Band Hero Review
If you've ever wanted to play Guitar Hero, but were put off by all those heavy guitar licks and unrecognizable metal, alternative, and classic rock tracks you're in luck. Band Hero brings the Guitar Hero experience to the Taylor Swift loving masses, packed with a pop rock sound track and visuals that replace all those skulls and demons with plenty of pink and purple neon.
The gameplay in Band Hero is essentially the same as that in Guitar Hero 5. You can play with from one to four players with any combination of plastic guitars, drums, or microphones. Like in Guitar Hero 5, each player can play any instrument, so if everyone wants to play the drums and you have four drum sets available then the game will let you go right ahead and do so. The actual gameplay follows the same model as the Guitar Hero games in which each player is given a note track on which color-coded note icons flow towards the player. When a note reaches the play line at the bottom of the track, the player needs to hold down the correspondingly colored fret button on the guitar or hit the drum pad of the same color to play the note. Time it correctly and you'll hear the note played, but miss and you'll hear a jarring clink instead. The vocal part resembles karaoke in that you see the lyrics scroll by, except in this case you need to match the pitch of the original vocals as closely as possible. Scoring for all instruments is based on the number of notes hit, and if you hit consecutive notes you'll build a score multiplier that will last until you miss a note. If you're playing in the career mode then too many missed notes will lead to the audience booing the band off of the stage, but before that happens the rest of the band has a chance to save their flailing bandmate before he or she takes down the whole band.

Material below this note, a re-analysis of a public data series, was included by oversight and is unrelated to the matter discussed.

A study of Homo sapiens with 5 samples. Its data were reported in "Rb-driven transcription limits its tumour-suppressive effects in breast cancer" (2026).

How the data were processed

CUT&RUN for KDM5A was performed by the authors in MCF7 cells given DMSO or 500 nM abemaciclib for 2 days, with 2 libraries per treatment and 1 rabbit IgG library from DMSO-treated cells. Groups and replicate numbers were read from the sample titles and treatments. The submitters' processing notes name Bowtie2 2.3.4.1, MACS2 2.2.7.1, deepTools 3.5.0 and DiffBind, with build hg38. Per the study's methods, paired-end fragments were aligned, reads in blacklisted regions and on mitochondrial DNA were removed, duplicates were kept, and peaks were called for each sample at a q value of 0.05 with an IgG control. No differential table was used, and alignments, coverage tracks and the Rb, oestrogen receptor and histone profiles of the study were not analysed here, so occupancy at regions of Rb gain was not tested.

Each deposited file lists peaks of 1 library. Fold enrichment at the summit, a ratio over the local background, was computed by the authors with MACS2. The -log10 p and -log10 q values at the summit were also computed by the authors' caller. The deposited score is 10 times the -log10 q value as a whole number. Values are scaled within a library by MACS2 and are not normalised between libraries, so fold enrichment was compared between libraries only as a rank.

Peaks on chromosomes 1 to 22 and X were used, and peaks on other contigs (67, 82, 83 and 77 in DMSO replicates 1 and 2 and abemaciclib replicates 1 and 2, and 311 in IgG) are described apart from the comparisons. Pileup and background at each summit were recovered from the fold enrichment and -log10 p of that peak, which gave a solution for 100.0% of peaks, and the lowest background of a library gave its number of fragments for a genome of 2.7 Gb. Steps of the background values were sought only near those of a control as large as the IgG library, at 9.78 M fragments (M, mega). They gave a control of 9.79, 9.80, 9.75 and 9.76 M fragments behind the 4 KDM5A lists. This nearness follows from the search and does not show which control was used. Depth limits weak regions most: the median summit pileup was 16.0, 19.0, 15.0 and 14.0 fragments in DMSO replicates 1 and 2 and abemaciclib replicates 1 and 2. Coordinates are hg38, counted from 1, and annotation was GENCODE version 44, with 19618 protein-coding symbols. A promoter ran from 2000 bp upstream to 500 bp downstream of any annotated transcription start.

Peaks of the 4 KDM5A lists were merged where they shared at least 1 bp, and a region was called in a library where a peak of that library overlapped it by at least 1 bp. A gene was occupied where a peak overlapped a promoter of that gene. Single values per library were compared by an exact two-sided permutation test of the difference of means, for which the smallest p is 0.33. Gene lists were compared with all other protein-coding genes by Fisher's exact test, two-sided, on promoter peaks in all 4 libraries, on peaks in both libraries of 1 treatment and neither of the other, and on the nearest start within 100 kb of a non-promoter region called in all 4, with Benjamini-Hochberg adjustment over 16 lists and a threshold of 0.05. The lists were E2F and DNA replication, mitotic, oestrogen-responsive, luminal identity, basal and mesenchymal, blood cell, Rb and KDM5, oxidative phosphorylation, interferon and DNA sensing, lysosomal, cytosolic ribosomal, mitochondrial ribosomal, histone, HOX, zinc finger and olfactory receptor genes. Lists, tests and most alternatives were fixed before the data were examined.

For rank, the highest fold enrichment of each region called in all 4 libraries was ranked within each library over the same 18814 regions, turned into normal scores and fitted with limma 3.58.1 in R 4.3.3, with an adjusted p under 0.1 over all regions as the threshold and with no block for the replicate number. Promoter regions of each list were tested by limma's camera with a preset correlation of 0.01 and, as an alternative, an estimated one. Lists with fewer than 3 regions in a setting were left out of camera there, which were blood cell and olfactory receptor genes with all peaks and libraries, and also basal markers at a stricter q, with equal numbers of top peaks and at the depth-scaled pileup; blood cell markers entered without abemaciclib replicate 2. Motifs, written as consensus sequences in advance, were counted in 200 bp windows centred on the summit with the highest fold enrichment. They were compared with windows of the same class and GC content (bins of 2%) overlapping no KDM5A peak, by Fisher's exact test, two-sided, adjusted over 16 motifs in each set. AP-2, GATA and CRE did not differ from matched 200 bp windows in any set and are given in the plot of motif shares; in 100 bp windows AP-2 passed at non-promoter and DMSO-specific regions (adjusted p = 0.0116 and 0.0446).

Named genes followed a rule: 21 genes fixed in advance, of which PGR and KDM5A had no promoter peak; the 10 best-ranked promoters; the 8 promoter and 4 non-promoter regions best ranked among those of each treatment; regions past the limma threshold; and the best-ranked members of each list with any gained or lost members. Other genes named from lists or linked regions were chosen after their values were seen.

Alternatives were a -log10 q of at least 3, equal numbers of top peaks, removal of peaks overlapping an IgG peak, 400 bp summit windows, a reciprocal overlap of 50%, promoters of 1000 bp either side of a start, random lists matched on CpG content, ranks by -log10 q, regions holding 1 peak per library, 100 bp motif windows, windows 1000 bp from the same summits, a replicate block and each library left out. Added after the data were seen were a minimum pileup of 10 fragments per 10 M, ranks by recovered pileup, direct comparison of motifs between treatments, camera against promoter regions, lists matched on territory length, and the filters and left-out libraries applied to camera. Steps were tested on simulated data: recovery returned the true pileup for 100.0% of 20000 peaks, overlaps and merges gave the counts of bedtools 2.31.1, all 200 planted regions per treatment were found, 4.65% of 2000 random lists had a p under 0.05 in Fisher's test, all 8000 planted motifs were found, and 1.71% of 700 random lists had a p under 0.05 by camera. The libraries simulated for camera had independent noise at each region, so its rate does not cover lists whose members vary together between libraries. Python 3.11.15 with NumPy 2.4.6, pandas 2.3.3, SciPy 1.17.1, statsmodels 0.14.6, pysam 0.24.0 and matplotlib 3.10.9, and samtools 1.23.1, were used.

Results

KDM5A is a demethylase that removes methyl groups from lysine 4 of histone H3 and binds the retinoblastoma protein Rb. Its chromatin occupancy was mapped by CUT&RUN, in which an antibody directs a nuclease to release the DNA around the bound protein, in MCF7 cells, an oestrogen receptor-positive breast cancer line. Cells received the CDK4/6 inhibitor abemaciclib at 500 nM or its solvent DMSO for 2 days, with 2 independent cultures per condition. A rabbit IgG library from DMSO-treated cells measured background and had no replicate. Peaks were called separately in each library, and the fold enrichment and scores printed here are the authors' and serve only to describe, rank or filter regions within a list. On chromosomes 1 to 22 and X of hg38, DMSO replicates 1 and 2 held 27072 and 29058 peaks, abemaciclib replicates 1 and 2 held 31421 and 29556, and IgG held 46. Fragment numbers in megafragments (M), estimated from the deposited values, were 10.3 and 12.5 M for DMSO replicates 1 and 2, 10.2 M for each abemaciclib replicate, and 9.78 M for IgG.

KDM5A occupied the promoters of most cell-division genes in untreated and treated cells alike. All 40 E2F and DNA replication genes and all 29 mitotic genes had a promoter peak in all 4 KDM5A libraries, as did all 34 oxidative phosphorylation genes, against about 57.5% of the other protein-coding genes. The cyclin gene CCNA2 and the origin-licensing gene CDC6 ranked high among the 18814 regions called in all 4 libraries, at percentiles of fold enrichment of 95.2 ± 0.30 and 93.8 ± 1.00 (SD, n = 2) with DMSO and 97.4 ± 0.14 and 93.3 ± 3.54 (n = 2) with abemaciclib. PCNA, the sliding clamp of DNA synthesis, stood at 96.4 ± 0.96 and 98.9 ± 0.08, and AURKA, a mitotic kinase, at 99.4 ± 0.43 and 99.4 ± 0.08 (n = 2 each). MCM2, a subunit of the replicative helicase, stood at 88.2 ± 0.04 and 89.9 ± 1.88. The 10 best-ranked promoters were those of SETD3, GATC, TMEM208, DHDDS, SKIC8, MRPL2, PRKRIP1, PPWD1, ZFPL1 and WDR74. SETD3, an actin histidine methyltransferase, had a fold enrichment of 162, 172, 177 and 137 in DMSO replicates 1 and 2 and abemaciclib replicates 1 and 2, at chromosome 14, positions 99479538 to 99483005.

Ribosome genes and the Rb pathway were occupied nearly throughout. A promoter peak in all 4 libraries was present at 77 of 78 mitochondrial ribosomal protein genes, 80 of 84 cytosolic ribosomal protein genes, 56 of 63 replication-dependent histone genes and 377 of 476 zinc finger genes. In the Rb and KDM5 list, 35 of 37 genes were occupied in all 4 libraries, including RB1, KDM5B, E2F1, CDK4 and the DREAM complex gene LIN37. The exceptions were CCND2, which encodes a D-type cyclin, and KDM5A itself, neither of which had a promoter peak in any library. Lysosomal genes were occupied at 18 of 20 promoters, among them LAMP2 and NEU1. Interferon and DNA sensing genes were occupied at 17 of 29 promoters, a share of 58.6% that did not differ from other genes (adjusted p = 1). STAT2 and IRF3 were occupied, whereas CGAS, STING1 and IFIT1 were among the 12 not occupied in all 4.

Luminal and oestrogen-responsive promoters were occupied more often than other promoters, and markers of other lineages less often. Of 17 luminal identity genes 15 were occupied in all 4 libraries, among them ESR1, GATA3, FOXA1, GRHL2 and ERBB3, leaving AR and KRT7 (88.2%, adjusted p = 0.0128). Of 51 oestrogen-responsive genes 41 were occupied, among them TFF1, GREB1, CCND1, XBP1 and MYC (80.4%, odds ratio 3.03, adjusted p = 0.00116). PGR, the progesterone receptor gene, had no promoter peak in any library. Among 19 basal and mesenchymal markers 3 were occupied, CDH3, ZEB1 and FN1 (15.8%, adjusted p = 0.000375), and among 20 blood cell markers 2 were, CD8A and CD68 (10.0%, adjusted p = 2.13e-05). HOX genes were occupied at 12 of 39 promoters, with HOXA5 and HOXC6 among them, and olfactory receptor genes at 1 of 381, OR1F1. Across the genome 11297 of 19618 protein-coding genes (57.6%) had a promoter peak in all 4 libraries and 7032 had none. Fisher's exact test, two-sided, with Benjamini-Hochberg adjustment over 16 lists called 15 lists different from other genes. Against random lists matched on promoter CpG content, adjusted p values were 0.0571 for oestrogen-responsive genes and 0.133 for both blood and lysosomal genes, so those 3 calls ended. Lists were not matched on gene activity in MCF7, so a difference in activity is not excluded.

Band Hero also borrows Guitar Hero 5's quickplay options, making it ready for party play right out of the box. When you start the game a random track will begin playing and you can jump in with an instrument at any point and play along. Songs will continue to play at random and allow players to jump in or drop out at will without having to stop the game, so you can just leave it playing during a party and your guests can play at will without the need to fumble their way through a series of unfamiliar menus. You can set your own track lists via the game's quickplay mode, and you'll immediately have access to every track in the game without the need to unlock them first. If you also have Guitar Hero 5, you'll find that the tracks you downloaded for that game will be available in Band Hero's quickplay mode as well.
The game's career mode is similar to that in Guitar Hero 5. Tracks are divided into tiers that are tied to a particular venue and to unlock the next venue and its set of tracks you must earn enough stars playing the tracks on the current tier. A mediocre performance in all of the tracks or a great performance in a subset of them will usually earn you enough stars to move on. Your performance in each song is rated from zero to five stars, but you're also given the chance to earn up to three bonus stars per track. Each track will have a challenge associated with it, either tied to a particular instrument or to the band as a whole. These challenges include things like hitting a certain number of notes in the song or maintaining a high multiplier for a certain length of time. Each challenge has gold, silver, and platinum level goals, which correspond to the one, two, or three bonus stars that you can earn. As you play the track an on-screen wheel will track your progress so it's easy to see how you're doing in your pursuit of the song's challenge. Band Hero's career mode is weak on story or extras – you get a few semi-animated shorts between tiers but that's about it.
One of the biggest differences between Band Hero and the Guitar Hero games is a consequence of the tracks available. Pop tracks are mass-produced music and this becomes obvious in the difficulty of the songs in the game. The guitar line for a Spice Girl's song is neither as challenging nor as interesting as that in a Motorhead song. Get Band Hero if its track list and style suits your taste in music, but don't expect it to provide you with a forum to showcase your mad guitar skills.
Overall Band Hero is a good game, as it's essentially Guitar Hero 5 with a different skin and track list. If its track list fits your taste in music and includes some of the same songs that you play at your parties, then you'll have fun playing and singing along with the tracks and having your friends join in at your next party.
In The End, This Game Hath Been Rated: 87%. Guitar Hero for the masses.